It seems like every year, the story around the Miami Dolphins’ offense is how they are going to be a run-first team, using that to set up the play-action pass - which would play straight into the strengths of quarterback Ryan Tannehill. Except, the Dolphins were quick - under both former head coach Adam Gase and under his predecessor Joe Philbin - to abandon the run, which makes it hard for a play-action passing game to work.
The Dolphins last had a 1,000 yard rusher in 2016 when Jay Ajayi reached that mark. In the past 10 seasons, the team has only had four 1,000 yard rushers (Ajayi in 2016, Lamar Miller in 2014, Reggie Bush in 2011, and Ricky Williams in 2009). Add another five years, and you only add Ronnie Brown in 2006 to the total.
The Dolphins ranked 18th in rushing yards last year, 29th in 2017, 9th in 2016, 23rd in 2015, 12th in 2014, 26th in 2013, 17th in 2012, 11th in 2011, 21st in 2010, and 4th in 2009.
The Dolphins have running backs who can do special things with the ball in their hands. Kenyan Drake and Kalen Ballage should be the top two runners for the team this year, with Kenneth Farrow, Mark Walton, Myles Gaskin, and Patrick Laird all hoping for a roster spot as the depth players.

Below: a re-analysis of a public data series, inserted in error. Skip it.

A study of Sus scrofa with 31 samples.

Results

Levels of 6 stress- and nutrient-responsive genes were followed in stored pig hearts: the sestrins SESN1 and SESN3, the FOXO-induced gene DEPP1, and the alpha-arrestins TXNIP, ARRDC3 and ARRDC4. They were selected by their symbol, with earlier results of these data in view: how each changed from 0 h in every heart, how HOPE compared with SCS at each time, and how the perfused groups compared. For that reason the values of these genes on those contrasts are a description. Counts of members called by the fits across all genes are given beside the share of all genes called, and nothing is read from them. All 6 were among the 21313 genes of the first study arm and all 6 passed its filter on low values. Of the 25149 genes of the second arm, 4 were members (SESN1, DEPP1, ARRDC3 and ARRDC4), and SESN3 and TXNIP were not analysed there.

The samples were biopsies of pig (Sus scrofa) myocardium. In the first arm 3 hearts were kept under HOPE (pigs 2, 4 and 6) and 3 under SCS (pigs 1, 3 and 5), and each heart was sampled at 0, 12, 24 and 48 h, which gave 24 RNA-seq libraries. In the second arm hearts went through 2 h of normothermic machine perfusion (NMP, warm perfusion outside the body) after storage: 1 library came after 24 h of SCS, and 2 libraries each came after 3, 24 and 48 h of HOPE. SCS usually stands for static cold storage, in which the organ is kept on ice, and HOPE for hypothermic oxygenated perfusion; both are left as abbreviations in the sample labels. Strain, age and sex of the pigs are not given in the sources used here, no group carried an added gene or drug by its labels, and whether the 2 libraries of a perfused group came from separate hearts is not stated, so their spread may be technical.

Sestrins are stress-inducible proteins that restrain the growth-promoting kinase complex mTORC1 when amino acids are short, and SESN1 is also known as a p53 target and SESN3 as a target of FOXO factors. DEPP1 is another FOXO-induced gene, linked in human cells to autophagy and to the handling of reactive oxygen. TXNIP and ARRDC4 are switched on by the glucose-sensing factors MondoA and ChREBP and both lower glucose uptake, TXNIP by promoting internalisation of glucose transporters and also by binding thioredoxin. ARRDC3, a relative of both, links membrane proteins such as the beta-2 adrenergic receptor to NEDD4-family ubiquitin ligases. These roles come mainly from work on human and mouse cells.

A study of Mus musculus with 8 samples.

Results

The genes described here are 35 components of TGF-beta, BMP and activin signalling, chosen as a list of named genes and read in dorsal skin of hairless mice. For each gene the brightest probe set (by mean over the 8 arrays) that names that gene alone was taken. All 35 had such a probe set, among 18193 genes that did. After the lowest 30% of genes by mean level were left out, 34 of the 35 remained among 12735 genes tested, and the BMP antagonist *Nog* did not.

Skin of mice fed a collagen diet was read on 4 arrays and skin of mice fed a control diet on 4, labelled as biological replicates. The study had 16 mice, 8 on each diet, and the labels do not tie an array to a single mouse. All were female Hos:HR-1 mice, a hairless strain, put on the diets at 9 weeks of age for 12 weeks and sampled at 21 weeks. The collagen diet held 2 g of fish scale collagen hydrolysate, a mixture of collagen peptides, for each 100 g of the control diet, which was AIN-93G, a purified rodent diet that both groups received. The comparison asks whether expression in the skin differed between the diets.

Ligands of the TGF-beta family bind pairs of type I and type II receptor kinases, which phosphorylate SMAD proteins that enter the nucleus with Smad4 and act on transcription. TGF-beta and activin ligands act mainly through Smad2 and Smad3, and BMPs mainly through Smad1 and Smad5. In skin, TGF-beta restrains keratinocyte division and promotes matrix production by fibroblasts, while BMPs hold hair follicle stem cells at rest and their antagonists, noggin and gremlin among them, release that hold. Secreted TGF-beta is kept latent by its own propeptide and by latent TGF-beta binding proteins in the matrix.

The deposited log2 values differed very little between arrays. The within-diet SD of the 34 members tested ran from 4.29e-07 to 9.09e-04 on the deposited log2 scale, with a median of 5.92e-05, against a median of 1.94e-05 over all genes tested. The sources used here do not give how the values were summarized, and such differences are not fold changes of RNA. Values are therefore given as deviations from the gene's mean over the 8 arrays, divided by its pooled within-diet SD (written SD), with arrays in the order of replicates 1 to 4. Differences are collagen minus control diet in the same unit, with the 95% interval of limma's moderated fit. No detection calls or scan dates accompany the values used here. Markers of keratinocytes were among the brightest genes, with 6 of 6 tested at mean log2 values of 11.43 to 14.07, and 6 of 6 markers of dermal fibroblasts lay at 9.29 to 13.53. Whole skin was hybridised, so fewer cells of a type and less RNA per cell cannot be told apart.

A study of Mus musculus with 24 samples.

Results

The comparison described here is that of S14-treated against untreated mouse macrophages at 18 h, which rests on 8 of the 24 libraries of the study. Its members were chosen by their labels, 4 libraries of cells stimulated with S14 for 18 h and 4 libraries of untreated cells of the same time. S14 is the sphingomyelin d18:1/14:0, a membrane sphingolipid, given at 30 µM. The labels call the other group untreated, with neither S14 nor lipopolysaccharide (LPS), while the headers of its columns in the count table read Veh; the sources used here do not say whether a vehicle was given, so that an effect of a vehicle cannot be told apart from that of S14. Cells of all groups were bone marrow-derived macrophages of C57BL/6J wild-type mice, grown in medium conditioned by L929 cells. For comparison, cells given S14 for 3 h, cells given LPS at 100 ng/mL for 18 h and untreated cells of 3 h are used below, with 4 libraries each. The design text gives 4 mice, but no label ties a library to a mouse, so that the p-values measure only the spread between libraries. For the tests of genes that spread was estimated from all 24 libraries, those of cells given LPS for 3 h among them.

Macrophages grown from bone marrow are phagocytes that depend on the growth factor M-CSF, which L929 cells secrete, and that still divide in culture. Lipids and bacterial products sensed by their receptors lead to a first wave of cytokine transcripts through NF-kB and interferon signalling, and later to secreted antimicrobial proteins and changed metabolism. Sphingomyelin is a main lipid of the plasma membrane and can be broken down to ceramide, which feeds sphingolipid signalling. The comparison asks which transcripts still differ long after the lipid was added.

They even drafted a full back in Auburn’s Chandler Cox.
It appears the new Miami coaching staff, with head coach Brian Flores and offensive coordinator Chad O’Shea leading the way, wants to run the ball. They want to have a running attack. They want to get the ball into the hands of play makers. And Miami’s running backs can be play makers.
The NFL is still a passing league, but the Dolphins need to not abandon the run - especially in the second half of games - as they have in recent seasons. Let Drake show what he can be. Let the running backs take some of the pressure off quarterbacks Ryan Fitzpatrick and/or Josh Rosen. Let the run game flourish.
The Dolphins will be better for it and we should start to see some of that emphasis this summer during training camp and on to the preseason.